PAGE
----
Am I blue? No, but I have a right to speak, radio host argues
The owner of a chain of Illinois news outlets — including this one — answered critics and defended the right of conservatives to have a voice in the largely blue state during a recent broadcast of a Chicago-based radio talk show that he co-hosts.
"I'm the first newspaper publisher in, apparently, modern times who has a point of view," Dan Proft, co-host of Illinois Rising, said. "And that is a problem, such a problem, that I'm a brazen propagandist engaged in mock journalism, according to Eric Zorn. I'm also something of a political operative, though Mr. Miner over at the Reader imagines I'd prefer a loftier description."
There's a far more serious motive behind the name calling, Proft's Illinois Rising co-host, Pat Hughes, said during the same broadcast.
"Look at the irony," Hughes said. "Eric Zorn is commenting on your newspaper from a newspaper. He's making political commentary. And the fact that there's other opinion leaders out there that can get out to readers in a way that's more efficient, in a way that they're interested in consuming the news, is a threat not just to their model economically but to the monopoly that they feel they have on thought. And from Zorn's perspective -- and I suspect Miner's perspective -- from left-leaning, liberal orthodoxy."
Proft is co-founder with Hughes of the Illinois Opportunity Project.
Proft is also a principal of Local Government Information Services, which owns this publication.
Proft and Hughes were responding to a March 23 op-ed article in the Chicago Tribune in which Zorn referred to Proft's Illinois news outlets as "mock journalism." Zorn's column was published a week before a similarly themed piece in the Chicago Reader by Michael Miner titled, "If your community news is slanted, Dan Proft may be to blame."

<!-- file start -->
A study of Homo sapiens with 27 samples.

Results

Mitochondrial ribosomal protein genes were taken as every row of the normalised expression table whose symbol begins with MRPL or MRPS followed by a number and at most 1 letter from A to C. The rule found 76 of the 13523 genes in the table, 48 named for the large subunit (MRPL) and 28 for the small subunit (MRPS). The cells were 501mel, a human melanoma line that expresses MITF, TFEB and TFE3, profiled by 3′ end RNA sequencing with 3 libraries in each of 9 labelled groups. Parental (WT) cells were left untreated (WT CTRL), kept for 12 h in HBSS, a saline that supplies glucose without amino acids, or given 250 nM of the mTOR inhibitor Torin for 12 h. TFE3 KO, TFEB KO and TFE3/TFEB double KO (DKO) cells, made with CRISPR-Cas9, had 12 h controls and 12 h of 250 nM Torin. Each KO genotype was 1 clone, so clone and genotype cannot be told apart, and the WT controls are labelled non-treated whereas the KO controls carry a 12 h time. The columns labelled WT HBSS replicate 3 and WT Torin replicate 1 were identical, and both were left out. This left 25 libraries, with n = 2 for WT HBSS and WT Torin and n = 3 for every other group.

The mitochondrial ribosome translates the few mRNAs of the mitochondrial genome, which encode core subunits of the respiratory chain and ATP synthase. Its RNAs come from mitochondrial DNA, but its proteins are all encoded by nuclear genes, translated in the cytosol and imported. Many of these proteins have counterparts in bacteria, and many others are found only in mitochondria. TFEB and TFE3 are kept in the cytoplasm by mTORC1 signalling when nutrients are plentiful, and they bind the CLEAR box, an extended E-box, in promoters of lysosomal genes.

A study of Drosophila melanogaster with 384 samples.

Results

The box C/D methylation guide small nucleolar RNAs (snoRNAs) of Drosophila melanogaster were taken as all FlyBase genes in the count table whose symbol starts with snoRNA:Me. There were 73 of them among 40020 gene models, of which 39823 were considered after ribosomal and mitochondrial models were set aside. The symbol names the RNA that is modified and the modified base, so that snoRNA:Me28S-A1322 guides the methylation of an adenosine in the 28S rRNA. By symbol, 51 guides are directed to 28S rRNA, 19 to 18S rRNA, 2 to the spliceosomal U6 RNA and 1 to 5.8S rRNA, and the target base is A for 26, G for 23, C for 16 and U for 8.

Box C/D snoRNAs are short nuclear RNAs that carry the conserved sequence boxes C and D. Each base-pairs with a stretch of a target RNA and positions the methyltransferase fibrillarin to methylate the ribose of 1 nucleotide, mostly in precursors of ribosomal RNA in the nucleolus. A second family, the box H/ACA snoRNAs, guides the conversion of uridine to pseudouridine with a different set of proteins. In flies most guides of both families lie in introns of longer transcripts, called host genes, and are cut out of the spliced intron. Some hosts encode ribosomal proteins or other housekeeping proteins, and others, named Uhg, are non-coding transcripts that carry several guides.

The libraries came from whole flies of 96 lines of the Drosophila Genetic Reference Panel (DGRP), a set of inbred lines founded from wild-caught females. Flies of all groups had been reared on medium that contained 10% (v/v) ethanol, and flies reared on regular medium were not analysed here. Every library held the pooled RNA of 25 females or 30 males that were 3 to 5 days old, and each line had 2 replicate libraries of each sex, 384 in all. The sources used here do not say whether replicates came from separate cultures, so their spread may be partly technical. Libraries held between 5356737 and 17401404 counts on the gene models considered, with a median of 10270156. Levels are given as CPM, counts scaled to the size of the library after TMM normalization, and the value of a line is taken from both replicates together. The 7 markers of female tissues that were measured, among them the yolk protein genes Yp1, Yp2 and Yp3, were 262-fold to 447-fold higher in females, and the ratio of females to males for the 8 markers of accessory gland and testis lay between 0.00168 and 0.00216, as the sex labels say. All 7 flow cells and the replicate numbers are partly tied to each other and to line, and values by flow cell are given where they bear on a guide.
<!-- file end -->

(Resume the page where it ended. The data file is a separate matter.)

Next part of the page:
Zorn's column wasn't the first time the Tribune writer has targeted Proft. In July 2009, a few weeks after Proft announced his ultimately failed bid for the Republican nomination in the governor's race, Zorn used his column to call Proft a "seethingly eloquent conservative attack dog."
The Tribune has allowed Proft space in its columns to voice his views as well. On July 11, 2016, it published Proft's op-ed piece, "How to (really) achieve the 'important conversation,' " about the the sniper attack in Dallas a few days earlier that killed five police officers.
Proft criticized the mainstream news media's coverage of the incident, as well as other incidents in which police officers have been shot by black men, and urged less-biased, more-objective coverage.
"There is plenty of intellectual room between 'cops can do no wrong' and 'cops are all racists waging war against minorities,' " Proft wrote. "The reasoned room in between is occupied by most of the Americans who are not on television, radio or Twitter."
Proft cited the apparent hypocrisy of critics dismissing his news outlets as not being objective while their own work is published by companies with far less transparent political biases.
"I'm transparent about my point of view," Proft said. "That certainly informs the stories that we select to cover and the way that we cover them. And that's the case for everybody in journalism. I hate to break it to those who think there's this superhuman race of journalists who have no point of view. Every human being has a point of view, and it influences how they do their jobs. So, if we could just start from that agreed upon point, then maybe we could get somewhere. But they have an agenda."